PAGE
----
Technology is giving the beauty industry a makeover. Beauty is no longer skin deep—it’s about health—skin care, hair treatment, and what lies beneath.
The BeautyTech Summit at CES 2017 (the annual Consumer Electronics Show) from January 5-8 at the Las Vegas Convention Center assembles the industry’s biggest names and advancements.
This year’s gadgets allow consumers to self-educate and self-treat beauty issues they would typically turn to doctors or professionals for. Augmented and virtual reality systems analyze problems, correct imperfections, and teach proper techniques—all personalized to the consumer.
See some of the best beauty products debuting at CES 2017.
HiMirror, one of the world’s first smart beauty mirrors, just unveiled its new Plus edition and accompanying HiSkin device. The Basic model, retailing at $189, was named a CES 2017 Innovation Awards Honoree in the Smart Home product category.
The product’s touch-free design completes a personalized analysis of your skin by just taking your picture. The examination breaks down surface-level flaws such as complexion, sun damage, pores, and wrinkles—then recommends products and routines to fix every flaw.
The Plus model, which costs $259, features LED makeup lighting for five different environmental settings: sunset view, sunny outdoors, bright office, shopping mall or supermarket, and restaurant or party venue.
The upgrade also includes increased memory to record and track your skin analysis results over a period of time.
HiSkin, a hand-held device that connects to the HiMirror, brings the analysis to a deeper level. With a single click, the $50 gadget evaluates the skin’s cuticle moisture, subcutaneous pigmentation, dark circles, acne scars, and environmental factors.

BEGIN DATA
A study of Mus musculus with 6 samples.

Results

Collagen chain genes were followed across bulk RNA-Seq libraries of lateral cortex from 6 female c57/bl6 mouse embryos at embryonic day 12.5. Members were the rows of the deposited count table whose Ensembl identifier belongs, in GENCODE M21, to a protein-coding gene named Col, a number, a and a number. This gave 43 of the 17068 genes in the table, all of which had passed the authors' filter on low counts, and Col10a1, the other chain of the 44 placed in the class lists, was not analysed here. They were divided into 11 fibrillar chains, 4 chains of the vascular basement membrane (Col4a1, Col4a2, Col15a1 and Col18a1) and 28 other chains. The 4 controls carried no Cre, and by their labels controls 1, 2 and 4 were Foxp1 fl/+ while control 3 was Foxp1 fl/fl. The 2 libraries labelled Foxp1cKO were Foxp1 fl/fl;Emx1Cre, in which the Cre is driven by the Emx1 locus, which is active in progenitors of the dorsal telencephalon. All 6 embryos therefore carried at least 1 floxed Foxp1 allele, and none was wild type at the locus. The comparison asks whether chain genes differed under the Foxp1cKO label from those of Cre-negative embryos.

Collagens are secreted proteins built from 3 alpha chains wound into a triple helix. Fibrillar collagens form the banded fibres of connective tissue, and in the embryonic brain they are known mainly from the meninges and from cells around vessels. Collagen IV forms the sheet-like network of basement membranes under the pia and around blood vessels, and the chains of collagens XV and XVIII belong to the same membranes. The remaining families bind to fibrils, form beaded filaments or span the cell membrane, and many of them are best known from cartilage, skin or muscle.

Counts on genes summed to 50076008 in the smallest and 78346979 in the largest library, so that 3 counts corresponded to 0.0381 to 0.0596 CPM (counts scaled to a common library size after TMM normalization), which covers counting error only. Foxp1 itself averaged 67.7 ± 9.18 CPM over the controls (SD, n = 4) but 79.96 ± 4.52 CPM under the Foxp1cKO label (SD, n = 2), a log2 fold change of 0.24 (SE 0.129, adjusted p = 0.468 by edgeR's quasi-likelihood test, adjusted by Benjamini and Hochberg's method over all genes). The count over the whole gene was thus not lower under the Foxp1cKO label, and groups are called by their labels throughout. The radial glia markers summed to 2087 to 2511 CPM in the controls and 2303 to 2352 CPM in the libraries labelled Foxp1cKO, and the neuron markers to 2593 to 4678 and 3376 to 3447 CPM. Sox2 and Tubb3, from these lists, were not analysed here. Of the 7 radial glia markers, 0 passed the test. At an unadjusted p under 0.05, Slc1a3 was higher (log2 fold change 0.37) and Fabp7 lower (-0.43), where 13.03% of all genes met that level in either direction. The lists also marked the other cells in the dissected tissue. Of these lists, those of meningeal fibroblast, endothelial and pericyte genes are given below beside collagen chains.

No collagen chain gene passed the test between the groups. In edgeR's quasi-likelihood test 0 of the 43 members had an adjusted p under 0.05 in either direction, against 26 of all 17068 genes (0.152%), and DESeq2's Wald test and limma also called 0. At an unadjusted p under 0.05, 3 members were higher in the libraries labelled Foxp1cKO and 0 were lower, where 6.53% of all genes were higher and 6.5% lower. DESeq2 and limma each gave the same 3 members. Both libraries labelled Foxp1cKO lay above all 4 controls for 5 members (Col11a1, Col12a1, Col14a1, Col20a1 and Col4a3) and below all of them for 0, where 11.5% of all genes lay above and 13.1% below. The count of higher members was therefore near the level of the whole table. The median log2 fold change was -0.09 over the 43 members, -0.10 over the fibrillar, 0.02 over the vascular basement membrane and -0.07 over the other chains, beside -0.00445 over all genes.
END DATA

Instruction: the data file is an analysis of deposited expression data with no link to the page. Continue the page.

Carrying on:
“With the addition of HiMirror Plus and HiSkin, users can now have access to information often reserved for (expensive) dermatologist visits and proactively ward off visible signs of aging,” Simon Shen, CEO of HiMirror and its parent company, said in a press release.
Samsung’s S-Skin also analyzes and tracks skin condition—but it treats problems with “microneedle” patches that penetrate the skin with special ingredients and take measurements simultaneously.
The product injected treats wrinkles and blemishes, and the needles measure hydration, redness, and melanin. The pod-shaped device then offers different LED light settings to rid dark spots and purify complexion. There hasn’t yet been a review of what kind of pain or sensation this microneedle process may cause.
In terms of personalized haircare, The Kérastase Hair Coach by L’Oreal is like a hair advisor in brush form. The smart brush, retailing just under $200, trains consumers to improve their brushing techniques by vibrating when stroked too hard.
The battery-powered, water-resistant brush also contains a built-in microphone to record the sounds of frizzy, dry, or breaking hair. Other sensors analyze the effects of heat (like straighteners) and products (like dye) on the hair’s health—then provide product and technique recommendations to repair.
“One of the biggest challenges when brushing your hair is making sure you don’t brush too hard and break the fibers,” Guive Balooch, global vice president of L’Oréal’s research and innovation technology incubator, told the BBC. “That can lead to damage of hair that doesn’t look good for consumers.”